Lab Rotation Interview: Sofie Aarup Bach

NAD fellow Sofie Aarup Bach talks about her first lab rotation and about gaining insight in new techniques, learning more about what she needs to thrive in a research environment and the challenges of combining family life with a PhD programme requiring flexibility and mobility.

For her first lab rotation, Sofie Aarup Bach changed out the familiar streets of Copenhagen with those of Aarhus, working in the CNS Disease Modeling Group at Aarhus University led by Associate Professor Marina Romeo-Ramos. The group focuses on the neurodegenerative processes in Parkinson’s disease and the interplay with the immune system in this disease, mainly working with animal models and biosamples from patients.

New perspectives on existing knowledge

NAD fellows have a lot of freedom when choosing their rotation lab, and this means that they are also responsible for establishing contact and planning their rotation with their PI. Sofie took several things into account when choosing a lab for her first rotation, including scientific perspectives, work environment and supervision style:

“I looked into the techniques Marina was using and I could see that some of them overlapped with things I have done before, which made me think that I could both learn something new and contribute to the lab’s work. For me, it was also a priority when moving somewhere different that I would come to a place with structure and where things are under control, and that has also been my experience after coming here.”

As it is challenging to design a full project to be completed in just 10 weeks, especially when it involves working with animals, Sofie and her PI Marina agreed prior to the start of the rotation that Sofie should instead be involved in all the different projects in the lab:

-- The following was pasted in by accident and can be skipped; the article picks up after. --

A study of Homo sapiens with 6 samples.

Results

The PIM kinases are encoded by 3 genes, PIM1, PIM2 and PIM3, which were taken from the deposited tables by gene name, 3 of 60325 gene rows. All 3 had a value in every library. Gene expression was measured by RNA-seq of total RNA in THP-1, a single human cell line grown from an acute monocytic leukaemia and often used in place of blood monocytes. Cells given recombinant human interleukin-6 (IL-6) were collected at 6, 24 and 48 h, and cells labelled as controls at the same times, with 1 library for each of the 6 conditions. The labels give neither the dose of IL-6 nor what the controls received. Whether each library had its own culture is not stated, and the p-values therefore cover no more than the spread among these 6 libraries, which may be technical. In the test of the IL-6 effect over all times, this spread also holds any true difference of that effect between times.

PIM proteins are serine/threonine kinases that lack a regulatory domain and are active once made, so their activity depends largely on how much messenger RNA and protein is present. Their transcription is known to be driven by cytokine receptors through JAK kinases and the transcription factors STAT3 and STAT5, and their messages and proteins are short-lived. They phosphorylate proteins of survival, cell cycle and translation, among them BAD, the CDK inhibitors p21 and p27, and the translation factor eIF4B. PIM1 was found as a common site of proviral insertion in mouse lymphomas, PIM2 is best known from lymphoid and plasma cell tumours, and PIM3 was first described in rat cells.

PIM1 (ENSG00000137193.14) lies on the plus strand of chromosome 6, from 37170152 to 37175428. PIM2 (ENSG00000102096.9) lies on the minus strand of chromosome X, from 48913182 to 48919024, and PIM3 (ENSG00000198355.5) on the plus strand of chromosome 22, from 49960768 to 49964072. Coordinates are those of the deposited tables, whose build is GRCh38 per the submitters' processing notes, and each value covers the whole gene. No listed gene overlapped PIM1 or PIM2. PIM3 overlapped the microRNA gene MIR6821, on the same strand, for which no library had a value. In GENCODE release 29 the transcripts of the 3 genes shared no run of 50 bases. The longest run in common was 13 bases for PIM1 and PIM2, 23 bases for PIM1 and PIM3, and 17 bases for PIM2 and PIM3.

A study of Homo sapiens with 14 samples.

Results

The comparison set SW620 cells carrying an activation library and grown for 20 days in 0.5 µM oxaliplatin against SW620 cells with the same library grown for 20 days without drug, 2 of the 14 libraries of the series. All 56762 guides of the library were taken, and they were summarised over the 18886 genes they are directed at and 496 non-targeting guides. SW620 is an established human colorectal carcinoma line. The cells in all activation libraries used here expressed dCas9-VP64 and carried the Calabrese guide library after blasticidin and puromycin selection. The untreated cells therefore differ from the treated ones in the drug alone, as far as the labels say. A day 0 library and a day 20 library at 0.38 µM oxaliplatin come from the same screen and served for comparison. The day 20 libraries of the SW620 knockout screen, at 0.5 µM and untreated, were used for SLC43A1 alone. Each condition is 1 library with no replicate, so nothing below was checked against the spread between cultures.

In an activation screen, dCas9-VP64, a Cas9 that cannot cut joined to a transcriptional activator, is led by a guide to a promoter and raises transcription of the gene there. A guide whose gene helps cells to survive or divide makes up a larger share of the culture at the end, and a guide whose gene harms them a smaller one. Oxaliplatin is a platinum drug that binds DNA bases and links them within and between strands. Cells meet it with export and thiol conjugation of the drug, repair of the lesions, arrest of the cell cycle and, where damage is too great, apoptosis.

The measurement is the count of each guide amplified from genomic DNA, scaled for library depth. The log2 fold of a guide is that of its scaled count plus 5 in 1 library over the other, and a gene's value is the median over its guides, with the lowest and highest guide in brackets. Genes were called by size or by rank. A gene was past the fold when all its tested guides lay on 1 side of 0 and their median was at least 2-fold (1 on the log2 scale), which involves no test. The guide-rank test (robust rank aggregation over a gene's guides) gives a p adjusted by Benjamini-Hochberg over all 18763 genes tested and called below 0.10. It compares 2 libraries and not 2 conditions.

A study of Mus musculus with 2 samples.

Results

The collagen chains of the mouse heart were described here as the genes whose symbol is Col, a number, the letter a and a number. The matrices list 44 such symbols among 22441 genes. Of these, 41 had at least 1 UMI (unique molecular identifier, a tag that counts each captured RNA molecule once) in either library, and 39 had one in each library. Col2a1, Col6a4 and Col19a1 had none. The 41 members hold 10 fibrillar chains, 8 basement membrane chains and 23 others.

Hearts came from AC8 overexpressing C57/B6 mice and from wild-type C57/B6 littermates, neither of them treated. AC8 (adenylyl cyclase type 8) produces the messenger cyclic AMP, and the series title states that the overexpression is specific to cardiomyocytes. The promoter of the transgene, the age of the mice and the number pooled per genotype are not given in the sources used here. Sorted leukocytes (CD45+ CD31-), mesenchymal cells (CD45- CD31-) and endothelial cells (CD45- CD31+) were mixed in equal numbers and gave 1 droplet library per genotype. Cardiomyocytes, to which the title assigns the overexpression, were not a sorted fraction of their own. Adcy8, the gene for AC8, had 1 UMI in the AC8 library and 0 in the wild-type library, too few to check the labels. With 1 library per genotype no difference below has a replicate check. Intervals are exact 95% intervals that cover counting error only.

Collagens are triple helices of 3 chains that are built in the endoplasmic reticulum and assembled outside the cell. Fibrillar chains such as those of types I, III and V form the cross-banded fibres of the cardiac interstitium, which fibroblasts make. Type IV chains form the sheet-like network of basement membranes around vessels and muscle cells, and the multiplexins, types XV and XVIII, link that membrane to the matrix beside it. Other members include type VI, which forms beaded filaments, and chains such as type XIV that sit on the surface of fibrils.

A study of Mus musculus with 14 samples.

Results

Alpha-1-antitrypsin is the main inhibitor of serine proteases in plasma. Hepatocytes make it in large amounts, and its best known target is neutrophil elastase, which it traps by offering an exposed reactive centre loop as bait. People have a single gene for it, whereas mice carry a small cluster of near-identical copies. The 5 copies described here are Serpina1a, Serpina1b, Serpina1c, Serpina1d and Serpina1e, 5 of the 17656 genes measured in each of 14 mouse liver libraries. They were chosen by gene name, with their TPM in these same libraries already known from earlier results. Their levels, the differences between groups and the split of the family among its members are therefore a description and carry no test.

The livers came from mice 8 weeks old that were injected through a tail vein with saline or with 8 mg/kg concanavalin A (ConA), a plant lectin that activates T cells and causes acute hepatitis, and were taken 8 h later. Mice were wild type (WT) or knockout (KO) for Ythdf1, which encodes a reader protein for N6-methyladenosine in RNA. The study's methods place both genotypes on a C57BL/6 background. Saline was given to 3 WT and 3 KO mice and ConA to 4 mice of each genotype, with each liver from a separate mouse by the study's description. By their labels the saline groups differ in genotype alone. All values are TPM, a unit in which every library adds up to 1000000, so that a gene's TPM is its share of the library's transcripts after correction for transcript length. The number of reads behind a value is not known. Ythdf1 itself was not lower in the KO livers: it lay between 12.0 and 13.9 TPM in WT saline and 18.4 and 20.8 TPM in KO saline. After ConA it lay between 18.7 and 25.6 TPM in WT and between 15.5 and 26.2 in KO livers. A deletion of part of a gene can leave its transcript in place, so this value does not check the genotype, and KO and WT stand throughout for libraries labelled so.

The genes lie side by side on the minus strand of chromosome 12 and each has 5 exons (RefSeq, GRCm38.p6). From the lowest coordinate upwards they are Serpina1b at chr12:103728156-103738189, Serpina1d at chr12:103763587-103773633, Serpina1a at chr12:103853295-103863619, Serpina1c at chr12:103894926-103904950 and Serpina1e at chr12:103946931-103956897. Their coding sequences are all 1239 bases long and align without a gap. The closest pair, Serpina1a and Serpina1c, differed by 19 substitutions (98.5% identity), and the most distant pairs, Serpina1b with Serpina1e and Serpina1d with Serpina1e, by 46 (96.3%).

“In the first week, I did animal behavior in the animal facility, and I have done immunostaining of mice and rat brains. I have also analysed blood samples from Parkinson’s patients. Lastly, I have been performing flow cytometry, which is a technique that allows us to separate different immune cells to see if there is a mismatch between immunity cells in Parkinson’s disease patients and other patients. I think it has been really good to get a sense of the entire lab.”

This first lab rotation has also shed new light on Sofie’s main research interests:

“I have previously worked with Parkinson’s disease with a more dopaminergic focus, thus the immune system as a contributing factor or even a driving factor in the disease has brought a new and interesting perspective to my already acquired knowledge. I would not mind pursuing this further or at the very least keep it in mind in my future research.”

A home away from home

Sofie, who is currently based in Copenhagen, stayed in Aarhus during the week for the duration of the 10-week rotation, going back to Copenhagen every weekend to spend time with her family. While she has sometimes found it challenging to combine working in another end of the country with family life, Sofie has also seized this opportunity to fully delve into life in the lab:

“Since I have moved away from most of the people I know, I was worried that there would not be enough things to fill out my day. I have been very positively surprised that I have always had something to do in the lab. I feel like I am actually contributing and not just sitting at my desk. (…) It has also been a good experience to be included in a social lab environment where I do not have to say no because I have to pick up my daughter at daycare. I can stay late in the lab, and I can always participate if someone decides to go out for pizza after work.”

Looking towards a PhD project

This first rotation has informed Sofie about her future PhD studies in more ways than one. Before starting her rotation, Sofie was hesitant about working with live animals, but after having a chance to try it out, she would like to include at least some in vivo work in her PhD project. She has also had a chance to reflect on her preferred supervision style:

“I think Marina seems like a very present supervisor who knows what the members of her lab are doing, and she knows the progress of their projects. Her door is always open for questions, and I have realized that I would also like a very involved supervisor who has time to answer questions and knows how it is going and the progress in a project. I think that a good aspect of this programme is that it is a great opportunity to get to know your own preferences in regards to supervision.”

Regardless of where Sofie chooses to do her PhD project, she has made lasting connections:

“I really like Marina and all the people in her lab, and I hope that we can collaborate in the future, even if I do not decide to come here for my PhD project.”